Sunday, December 7, 2008
Show and Tell
Inspired by Geohde, today I am sharing a snow anecdote.
Last January, we had a series of snowstorms, which is somewhat unusual in this area. Mostly, we get ice storms, or snow storms of an inch or so. This does not inspire me to shovel our very long driveway. We live in a lovely little town where they plow our subdivision almost immediately. So one Friday, I picked up the little menace (uh, I mean, my daughter) after work (probably early, because it was snowing hard) and drove home. We were happily tucked in to the nice warm house, so I peeked out the window to check the state of the weather. There was about 5 inches of snow on the ground. Then I looked a little farther. I live at the end of a cul-de-sac, and it seems that the snow plow had come through. Normally, I see the pile of snow that ends up at the end of my driveway as just what happens when the snow plow goes by. But this time, there was a 6 foot snow mountain directly in front of my driveway. As you can see from the picture, it's not like they can't tell there's driveway there - they made a point of not covering up my mailbox. Also, across from me there is not a house, but rather a large stretch of my neighbor's front lawn (i.e. a perfect place to deposit excess snow).
It was at this time that I realized that I am completely crazy. I saw the snow mountain and I lost it. I got on the phone and called the public works director for my town. Now, he wasn't in, but I left him a lovely message. It was something on the order of this.
"I appreciate the speed with which you plow the streets in my subdivision. But, is there some reason that your drivers feel the need to deposit all the snow from the entire street in MY DRIVEWAY?!? Now I'm going to have to go out and clear a six foot snow mountain from the front of my driveway. By myself. With a shovel. In the future, I hope you will recognize that there is a large stretch of street with no driveways directly across from my driveway, and put your snow there."
By the time I finished, I was pretty much yelling into the phone. So, I took all of that energy (anger) and dug myself a path down the driveway. As I got about 1/10 of the snow mountain moved onto that pile around the mailbox, the snow plow pulled up. The guy sat there in his truck for a couple minutes - and at this time, I was practically crying with rage - then he got out and said, "Uh, we can move that snow for you." I said, "that's nice of you to offer, but I've already called your boss to complain about you leaving snow in my driveway. But if you'd like to move it, that would be great." So, while they moved the giant snow pile from the front of my driveway to the front of my house*, I continued to shovel the driveway. I hope, now that it's snowed 3 times already (just enough to make the grass a little white, nothing much), that they will remember not to plow the snow into my driveway this year.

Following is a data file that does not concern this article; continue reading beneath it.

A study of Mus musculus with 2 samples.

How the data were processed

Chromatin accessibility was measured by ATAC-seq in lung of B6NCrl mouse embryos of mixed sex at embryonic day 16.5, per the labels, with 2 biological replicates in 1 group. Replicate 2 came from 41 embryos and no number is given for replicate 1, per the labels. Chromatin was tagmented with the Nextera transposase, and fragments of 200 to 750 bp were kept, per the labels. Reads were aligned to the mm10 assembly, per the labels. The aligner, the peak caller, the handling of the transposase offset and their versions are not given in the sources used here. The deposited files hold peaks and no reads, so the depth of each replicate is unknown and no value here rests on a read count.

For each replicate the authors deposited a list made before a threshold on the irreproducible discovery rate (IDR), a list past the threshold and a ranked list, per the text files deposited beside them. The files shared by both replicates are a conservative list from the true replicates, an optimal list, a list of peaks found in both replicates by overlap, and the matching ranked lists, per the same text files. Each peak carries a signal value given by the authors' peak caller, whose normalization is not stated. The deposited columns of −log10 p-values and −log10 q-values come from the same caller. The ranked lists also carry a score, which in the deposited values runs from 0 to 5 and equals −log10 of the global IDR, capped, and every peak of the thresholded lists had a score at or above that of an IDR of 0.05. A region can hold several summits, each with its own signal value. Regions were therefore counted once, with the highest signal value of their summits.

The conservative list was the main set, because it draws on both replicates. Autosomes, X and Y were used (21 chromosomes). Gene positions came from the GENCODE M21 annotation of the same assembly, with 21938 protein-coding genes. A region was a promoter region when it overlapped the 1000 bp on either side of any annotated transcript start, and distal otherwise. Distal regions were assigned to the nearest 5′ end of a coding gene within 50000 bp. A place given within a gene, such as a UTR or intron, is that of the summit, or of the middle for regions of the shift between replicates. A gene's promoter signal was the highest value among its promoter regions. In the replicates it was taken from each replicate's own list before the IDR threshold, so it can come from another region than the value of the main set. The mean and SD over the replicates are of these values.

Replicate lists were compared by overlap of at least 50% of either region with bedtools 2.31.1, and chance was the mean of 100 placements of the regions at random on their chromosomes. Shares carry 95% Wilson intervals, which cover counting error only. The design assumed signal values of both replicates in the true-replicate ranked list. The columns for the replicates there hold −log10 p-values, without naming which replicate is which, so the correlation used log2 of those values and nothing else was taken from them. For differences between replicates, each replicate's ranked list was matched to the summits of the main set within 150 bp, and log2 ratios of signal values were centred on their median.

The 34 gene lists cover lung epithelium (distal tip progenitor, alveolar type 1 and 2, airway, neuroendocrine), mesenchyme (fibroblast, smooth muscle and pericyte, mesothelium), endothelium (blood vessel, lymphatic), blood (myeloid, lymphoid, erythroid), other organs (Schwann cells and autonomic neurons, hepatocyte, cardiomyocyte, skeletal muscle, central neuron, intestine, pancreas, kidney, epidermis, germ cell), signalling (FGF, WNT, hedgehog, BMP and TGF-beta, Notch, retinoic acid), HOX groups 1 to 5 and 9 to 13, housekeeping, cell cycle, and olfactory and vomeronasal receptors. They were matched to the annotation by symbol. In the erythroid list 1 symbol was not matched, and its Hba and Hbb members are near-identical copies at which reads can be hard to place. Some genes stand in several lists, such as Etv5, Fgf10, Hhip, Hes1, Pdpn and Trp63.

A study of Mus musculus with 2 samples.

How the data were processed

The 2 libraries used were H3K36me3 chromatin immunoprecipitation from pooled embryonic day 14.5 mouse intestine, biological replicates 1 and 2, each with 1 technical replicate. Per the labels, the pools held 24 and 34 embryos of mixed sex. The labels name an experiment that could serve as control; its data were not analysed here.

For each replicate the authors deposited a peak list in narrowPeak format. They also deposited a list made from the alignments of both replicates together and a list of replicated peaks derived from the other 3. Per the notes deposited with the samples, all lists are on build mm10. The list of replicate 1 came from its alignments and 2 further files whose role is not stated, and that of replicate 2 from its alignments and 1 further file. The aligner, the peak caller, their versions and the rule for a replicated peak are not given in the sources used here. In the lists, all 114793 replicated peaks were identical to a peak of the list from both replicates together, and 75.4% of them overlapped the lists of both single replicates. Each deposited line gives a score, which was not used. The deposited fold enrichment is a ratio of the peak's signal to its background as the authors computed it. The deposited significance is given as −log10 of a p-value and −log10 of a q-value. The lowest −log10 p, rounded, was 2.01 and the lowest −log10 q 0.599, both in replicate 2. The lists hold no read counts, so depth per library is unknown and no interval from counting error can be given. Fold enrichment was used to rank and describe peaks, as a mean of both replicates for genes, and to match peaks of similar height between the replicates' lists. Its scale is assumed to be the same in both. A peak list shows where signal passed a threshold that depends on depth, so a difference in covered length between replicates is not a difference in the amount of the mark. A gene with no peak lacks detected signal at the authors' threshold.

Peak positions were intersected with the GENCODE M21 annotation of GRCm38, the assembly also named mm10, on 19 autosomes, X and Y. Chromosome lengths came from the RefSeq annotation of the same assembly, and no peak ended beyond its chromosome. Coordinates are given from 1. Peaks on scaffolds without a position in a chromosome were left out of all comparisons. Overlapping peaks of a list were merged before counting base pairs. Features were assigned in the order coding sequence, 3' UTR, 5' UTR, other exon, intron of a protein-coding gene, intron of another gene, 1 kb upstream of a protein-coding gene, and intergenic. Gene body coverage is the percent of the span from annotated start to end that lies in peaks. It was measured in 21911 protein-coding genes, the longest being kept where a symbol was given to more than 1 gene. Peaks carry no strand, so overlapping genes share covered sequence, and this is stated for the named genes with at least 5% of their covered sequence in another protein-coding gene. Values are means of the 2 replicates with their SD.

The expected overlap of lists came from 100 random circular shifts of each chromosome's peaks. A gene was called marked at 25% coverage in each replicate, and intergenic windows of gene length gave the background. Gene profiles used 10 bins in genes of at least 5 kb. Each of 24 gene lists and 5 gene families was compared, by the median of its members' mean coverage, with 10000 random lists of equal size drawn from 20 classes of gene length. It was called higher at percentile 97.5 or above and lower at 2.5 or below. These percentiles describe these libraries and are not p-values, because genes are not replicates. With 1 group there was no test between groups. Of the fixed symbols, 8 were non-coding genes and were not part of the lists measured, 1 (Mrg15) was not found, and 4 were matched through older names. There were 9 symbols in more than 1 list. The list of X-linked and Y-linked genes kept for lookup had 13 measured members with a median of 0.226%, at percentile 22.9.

Also, I did call back the public works director and apologize for screaming into the phone, and tell him that his guys had come to clear out my driveway. So, even though I'm crazy, I hope I remain polite. But, I'm pretty sure they just think I'm crazy, because when I called this summer to inquire about random drops in my water pressure, I never got a call back.
*The picture shows my 30" tall daughter standing amidst the snow mountains, which upon redistribution, were reduced to a mere 4 feet tall.